Most people who have surgery will not become clinically depressed. About one-third of patients do report some minor symptoms of depression, which we call “post-op blues” (like “baby blues” after giving birth). Post-op blues often happen in the first few weeks or months after surgery when you are still recovering and adjusting to a new way of life. You may ask yourself:

  • Why did I do this?
  • What was I thinking?

This is not depression, and it’s normal to feel this way. It usually goes away within a couple of months.

Depression can range from very mild to severe. It’s important to be able to recognize symptoms and ask for help if needed, both before and after surgery.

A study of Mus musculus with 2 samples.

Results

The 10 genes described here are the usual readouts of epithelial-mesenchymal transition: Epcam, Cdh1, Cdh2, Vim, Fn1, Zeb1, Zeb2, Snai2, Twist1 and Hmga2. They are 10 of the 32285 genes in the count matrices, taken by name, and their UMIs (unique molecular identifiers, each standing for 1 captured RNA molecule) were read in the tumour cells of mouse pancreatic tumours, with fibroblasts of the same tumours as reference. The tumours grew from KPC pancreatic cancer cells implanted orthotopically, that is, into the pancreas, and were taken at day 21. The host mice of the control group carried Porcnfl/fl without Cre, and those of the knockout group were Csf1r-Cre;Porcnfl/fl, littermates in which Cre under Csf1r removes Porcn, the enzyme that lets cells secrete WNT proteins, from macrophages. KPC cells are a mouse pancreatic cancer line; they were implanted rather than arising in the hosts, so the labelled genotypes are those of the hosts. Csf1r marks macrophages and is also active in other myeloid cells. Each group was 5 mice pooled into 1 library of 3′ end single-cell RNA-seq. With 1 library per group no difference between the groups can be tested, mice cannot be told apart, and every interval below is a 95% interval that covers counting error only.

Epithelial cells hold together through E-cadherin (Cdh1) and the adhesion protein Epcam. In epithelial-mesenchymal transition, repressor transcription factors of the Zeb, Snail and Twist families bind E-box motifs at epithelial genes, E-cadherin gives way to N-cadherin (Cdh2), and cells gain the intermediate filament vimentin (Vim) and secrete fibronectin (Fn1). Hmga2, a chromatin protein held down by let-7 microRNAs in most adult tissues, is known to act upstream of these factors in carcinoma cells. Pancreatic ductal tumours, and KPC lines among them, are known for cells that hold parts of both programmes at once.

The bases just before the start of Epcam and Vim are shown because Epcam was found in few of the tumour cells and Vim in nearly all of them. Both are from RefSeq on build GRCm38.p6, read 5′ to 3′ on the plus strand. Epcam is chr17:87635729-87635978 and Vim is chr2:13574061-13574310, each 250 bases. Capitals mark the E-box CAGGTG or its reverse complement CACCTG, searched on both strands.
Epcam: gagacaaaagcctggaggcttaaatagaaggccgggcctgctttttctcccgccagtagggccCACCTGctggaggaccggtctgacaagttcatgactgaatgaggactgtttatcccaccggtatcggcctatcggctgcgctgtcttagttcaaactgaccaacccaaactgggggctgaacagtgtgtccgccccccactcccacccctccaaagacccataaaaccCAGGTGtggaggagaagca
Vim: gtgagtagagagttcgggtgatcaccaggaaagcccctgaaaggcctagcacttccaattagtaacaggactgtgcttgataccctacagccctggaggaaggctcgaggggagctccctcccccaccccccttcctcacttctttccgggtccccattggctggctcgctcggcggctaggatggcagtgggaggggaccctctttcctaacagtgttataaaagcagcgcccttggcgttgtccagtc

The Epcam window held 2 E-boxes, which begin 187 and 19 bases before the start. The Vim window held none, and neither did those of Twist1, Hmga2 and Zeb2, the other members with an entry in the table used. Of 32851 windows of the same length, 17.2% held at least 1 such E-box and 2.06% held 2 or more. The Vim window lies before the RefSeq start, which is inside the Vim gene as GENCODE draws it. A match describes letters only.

If post-op blues don’t go away or get worse, you may be having symptoms of underlying depression. If you have the following symptoms, it’s important to know that you can get support. Depression is very treatable.

Symptoms of depression:

  • Sadness
  • Loss of interest
  • Changes in sleep
  • Changes in appetite
  • Social isolation
  • Helplessness
  • Hopelessness
  • Worthlessness
  • Irritability
  • Low motivation
  • Thoughts of suicide
  • Difficulty concentrating
  • Increased anger and/or frustration

If you are currently on depression medications, it’s also important to let your doctor know. Your doctor may need to adjust your medications after surgery depending on the dosage.

There are many resources at Kaiser Permanente and elsewhere that can support you and help you get back on track. You are not alone.